Panic seized many Democrats last week, as polls showed that the choice of Sarah Palin as running mate had not only energized Republicans but given John McCain a solid boost among independent voters.
Why the panic? After all, the latest poll trend could easily be dismissed as merely the typical post-convention "bounce" for the GOP. On Aug. 28, the final day of the Democratic convention in Denver, the Gallup daily tracking poll reported Barack Obama ahead by a whopping 8 points without generating any panic by Republicans. Why should Democrats freak out over a McCain bounce that peaked at 5 points Sept. 8-9?
Yet there they were, top Democratic sources -- some named, some anonymous -- confessing to reporters previously unspoken doubts about the strategic soundness of the Obama campaign.
"There is a growing sense of doom among Democrats I have spoken to," one Democratic fundraiser told Andrew Ward of the Financial Times. "People are going crazy, telling the campaign 'you've got to do something.'"
Former Clinton administration chief of staff Leon Panetta told the New York Observer the Obama campaign was "totally reactive now" and seemed "intimidated by the Palin pick."
"The campaign has been knocked off stride," a Democratic operative told the Los Angeles Times, while the shifting poll numbers caused Obama backer Rep. Elijah Cummings of Maryland to say, "Whenever you see that kind of movement, you ought to be concerned; you ought to try to address it."
WHEN OBAMA started slamming Palin, however, two anonymous Democratic strategists told Nedra Pickler of the Associated Press that this task should be assigned to Obama's running mate, Sen. Joe Biden. But Biden, meanwhile, was busy telling a New Hampshire audience that "quite frankly [Hillary Clinton] might have been a better pick than me."
Granted, a 13-point poll swing in the space of 11 days would rattle any campaign, but the panic induced among Democrats was in part due to the extraordinary expectations raised by the Obama campaign, and the surprise of McCain's choice of Palin.
Democrats had been encouraged to believe that Obama would prove so overwhelmingly popular that he could compete even in deep-red Republican states.
Three months ago, Obama strategist David Plouffe wowed the Washington press corps with a presentation naming as "battlegrounds" such states as Georgia, North Carolina and Montana -- even Alaska! -- that President Bush had carried by double-digit margins.
These prospects were only imaginable in the event of a massive Democratic landslide, which Team Obama strongly urged Democrats to imagine. Yet the latest polls indicate nothing of the kind -- McCain leads by double-digit margins in Montana (+11), Georgia (+13) and North Carolina (+17). Polls also show McCain holding steady leads in such swing states as Missouri and Florida, while holding close in Democatic blue states like Pennsylvania and Michigan. (And, for obvious reasons, Alaska is off the table.)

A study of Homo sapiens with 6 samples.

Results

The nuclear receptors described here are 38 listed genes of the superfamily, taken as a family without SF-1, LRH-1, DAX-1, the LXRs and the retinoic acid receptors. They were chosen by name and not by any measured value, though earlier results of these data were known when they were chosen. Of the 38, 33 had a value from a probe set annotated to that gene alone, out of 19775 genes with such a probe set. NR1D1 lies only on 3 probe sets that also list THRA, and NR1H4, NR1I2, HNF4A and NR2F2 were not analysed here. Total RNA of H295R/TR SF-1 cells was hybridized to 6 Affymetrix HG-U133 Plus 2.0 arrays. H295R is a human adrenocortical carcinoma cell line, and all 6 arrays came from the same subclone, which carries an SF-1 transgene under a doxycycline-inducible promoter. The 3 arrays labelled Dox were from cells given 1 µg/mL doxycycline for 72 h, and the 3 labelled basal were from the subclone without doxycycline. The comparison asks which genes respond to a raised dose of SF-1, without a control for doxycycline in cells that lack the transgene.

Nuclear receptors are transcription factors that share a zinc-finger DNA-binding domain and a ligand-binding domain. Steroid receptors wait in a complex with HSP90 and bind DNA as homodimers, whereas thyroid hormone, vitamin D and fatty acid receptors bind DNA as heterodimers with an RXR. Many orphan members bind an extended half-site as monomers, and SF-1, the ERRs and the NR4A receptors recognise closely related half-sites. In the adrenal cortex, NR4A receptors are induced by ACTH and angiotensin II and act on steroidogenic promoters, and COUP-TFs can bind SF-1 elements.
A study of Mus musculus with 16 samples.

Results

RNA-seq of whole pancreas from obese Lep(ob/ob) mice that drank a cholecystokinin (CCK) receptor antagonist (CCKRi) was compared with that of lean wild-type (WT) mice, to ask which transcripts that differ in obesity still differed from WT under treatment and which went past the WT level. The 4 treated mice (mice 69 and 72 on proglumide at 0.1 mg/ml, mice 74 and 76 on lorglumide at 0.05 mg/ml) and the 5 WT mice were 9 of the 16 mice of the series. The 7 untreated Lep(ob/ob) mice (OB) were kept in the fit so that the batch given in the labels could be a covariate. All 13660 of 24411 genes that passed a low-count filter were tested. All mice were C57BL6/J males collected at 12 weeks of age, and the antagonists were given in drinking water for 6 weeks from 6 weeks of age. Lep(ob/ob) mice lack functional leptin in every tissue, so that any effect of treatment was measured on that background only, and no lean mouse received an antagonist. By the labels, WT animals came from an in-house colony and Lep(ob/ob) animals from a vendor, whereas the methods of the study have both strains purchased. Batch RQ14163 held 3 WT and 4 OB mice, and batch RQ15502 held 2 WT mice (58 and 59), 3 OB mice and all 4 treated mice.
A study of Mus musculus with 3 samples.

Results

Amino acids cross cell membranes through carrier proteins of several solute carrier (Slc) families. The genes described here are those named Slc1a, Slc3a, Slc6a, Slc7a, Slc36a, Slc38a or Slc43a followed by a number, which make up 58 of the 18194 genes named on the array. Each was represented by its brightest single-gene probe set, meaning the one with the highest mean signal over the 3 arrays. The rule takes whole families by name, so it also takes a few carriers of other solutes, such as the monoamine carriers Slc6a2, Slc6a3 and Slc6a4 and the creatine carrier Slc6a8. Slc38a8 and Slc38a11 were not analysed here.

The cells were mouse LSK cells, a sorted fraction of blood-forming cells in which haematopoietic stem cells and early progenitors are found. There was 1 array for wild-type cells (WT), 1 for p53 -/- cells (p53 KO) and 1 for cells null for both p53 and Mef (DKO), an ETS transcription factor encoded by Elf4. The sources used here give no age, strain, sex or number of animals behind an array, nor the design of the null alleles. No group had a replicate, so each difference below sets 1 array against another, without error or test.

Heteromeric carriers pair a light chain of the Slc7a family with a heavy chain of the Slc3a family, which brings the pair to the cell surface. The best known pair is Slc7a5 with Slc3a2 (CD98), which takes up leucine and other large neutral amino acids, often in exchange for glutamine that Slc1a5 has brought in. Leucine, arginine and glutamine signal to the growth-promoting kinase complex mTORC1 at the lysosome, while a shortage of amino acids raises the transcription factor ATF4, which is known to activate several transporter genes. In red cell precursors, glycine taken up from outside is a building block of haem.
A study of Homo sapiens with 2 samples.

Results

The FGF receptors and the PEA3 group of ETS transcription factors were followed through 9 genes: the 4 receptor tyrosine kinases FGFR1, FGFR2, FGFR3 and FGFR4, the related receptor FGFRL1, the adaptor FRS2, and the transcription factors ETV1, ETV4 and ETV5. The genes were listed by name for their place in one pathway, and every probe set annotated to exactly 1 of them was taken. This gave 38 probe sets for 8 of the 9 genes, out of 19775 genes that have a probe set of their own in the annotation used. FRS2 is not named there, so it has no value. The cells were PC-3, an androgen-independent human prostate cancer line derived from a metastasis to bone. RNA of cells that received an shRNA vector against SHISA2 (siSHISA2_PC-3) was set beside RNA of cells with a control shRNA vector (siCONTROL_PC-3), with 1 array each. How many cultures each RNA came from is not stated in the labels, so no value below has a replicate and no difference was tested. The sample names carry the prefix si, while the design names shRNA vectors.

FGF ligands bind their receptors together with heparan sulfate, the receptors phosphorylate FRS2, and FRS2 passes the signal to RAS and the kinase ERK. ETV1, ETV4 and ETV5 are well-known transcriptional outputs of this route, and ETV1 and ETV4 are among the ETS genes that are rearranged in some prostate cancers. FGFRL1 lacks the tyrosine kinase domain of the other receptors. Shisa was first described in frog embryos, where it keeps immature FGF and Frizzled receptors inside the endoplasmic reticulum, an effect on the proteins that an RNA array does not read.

Instead of the landslide that Plouffe seemed to promise, what Democrats now face is another hard-fought battle for a relative handful of swing states, and recent experience doesn't give them confidence that they can win that kind of fight -- especially with Ohio now trending Republican.
THIS EROSION of Democratic confidence was clearly accelerated by McCain's choice of Palin as his running mate. It pushed Democrats into panic mode for several reasons, including their consciousness of hurt feelings within their own ranks over Obama's snubbing Hillary Clinton as his running mate. (Hillary seems less than eager to help Obama push back against the Palin phenomenon.)
Perhaps the most obvious cause of the Palin-induced panic was that Team Obama was so clearly caught by surprise. Obama's website had featured a page called "The Next Cheney," highlighting opposition research on nine potential GOP running mates -- and the Alaska governor didn't even make the list. (The page has since been updated to feature anti-Palin material.) In fact, the New York Times reported, the Obama campaign had been preparing ads to run against Mitt Romney, but had no response ready for the Palin pick.
Their failure to anticipate McCain's choice of Palin undermined Team Obama's carefully cultivated reputation for strategic genius. And the subsequent poll surge undermined another source of Democratic confidence: A belief that the unpopularity of Republicans would provide an automatic advantage to whoever won the Democratic nomination.
Nate Silver, the statistics buff and Obama supporter whose poll analyses and projections have made him a media favorite, looked at the post-Palin polls and mused that "perhaps the partisan composition of the electorate had never shifted as much from 2004 as it has appeared to."
If that shift was never as large as earlier polls suggested, and if the Palin effect continues to energize Republicans and win over independents, then the Democratic panic may have only just begun.